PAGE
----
Many manufacturers would be thrilled to have any double-digit revenue growth, but FLIR Systems is in the enviable position of predicting that will be case for its slowest-growing division.
If that seems boastful, FLIR has the track record to back up its predictions. Over the past five years, the company has had sales grow an average of 28% annually and earnings per share grew at a 35% annual rate. For the first nine months of 2009, FLIR saw revenue rise 8% to $835.5 million and the company expected full-year sales of some $1.15 billion.
FLIR Systems, headquartered in Wilsonville, Ore., has 2,000 employees and conducts business in more than 100 countries. The company manufactures thermal imaging infrared cameras for a growing array of markets, from preventive maintenance to firefighting to counter-terrorism. Unlike night vision equipment that amplifies low light sources, these cameras detect energy in the infrared spectrum invisible to the naked eye and turn it into an image. They can pick up minute temperature differences. For example, FLIR cameras are in use at airports to provide initial screening for people who may have H1N1 flu.
Unlike many firms that have vigorously outsourced their manufacturing, FLIR has pursued a vertical integration strategy. Tony Trunzo, senior vice president for corporate strategy and development, told a recent NASDAQ investor conference, "We believe in a high growth company [that] having control of our primary technologies is crucial and it has worked very well for us." Fueled by its 2004 acquisition of Indigo Systems, the company produces its own IR sensors, camera cores, coolers, lasers and optical lenses.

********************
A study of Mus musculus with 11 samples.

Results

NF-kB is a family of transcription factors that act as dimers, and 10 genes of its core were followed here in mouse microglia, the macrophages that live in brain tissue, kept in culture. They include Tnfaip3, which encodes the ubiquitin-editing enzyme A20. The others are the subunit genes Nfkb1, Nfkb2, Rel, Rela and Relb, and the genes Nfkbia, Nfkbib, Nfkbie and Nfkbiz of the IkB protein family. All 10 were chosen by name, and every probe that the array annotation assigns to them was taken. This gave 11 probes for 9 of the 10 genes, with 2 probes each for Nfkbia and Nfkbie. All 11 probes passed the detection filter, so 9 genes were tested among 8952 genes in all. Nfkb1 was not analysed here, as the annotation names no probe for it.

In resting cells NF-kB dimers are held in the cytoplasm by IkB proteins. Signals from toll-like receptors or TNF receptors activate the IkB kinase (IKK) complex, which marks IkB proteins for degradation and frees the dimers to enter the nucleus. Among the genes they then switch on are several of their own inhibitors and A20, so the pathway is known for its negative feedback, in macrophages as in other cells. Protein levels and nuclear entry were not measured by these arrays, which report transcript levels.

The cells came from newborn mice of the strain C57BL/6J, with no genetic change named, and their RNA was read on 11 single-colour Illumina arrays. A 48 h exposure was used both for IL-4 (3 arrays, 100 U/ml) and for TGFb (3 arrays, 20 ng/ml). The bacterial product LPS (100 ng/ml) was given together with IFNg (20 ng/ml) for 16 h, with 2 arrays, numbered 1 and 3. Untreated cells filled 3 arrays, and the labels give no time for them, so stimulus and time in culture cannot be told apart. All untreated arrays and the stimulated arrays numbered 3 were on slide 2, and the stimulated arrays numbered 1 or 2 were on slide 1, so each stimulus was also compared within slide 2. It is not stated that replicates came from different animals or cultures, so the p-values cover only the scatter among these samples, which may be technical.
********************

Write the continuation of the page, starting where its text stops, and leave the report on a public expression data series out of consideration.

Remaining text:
FLIR has pursued an aggressive research and development agenda, growing R&D spending 20% annually. Along with key acquisitions, this technology drive has allowed the company to expand into new markets, increase its manufacturing volumes and drive down costs. "Aggregation of volume allowed us to drive units up by 90% a year since 2005 and drive detector costs down by 30% a year," says Trunzo.
FLIR Systems' i7 thermal imaging infrared camera
Commercial Vision Systems is the smallest division at present with sales of approximately $200 million in 2009, but the company claims it offers the most growth potential. While FLIR has a high market share of the IR cameras used in automobiles, commercial buildings and emergency forces, it believes lower price points will bring the technology into much wider use. "Every firefighter will have an IR camera. Why? Because every firefighter should. It is an incredible piece of safety equipment," says Trunzo.
FLIR's Thermography division saw revenue decline in 2009, principally because of a fall-off in high-end products sold in the United States. The division produces primarily hand-held thermal imaging systems used for predictive and preventive maintenance, research and development, testing and measurement, and other applications. Trunzo predicts a rebound in this business based on higher unit volumes and FLIR's ability to lower prices.
FLIR expected to end 2009 with $400 million in cash. Trunzo says FLIR will use part of that money for "good strategic acquisitions." What about the reverse situation -- a major government contractor acquiring FLIR? Trunzo says with 40% of the company's revenue in commercial systems and a 15% to 20% annual growth path, FLIR's best plan is to stay independent.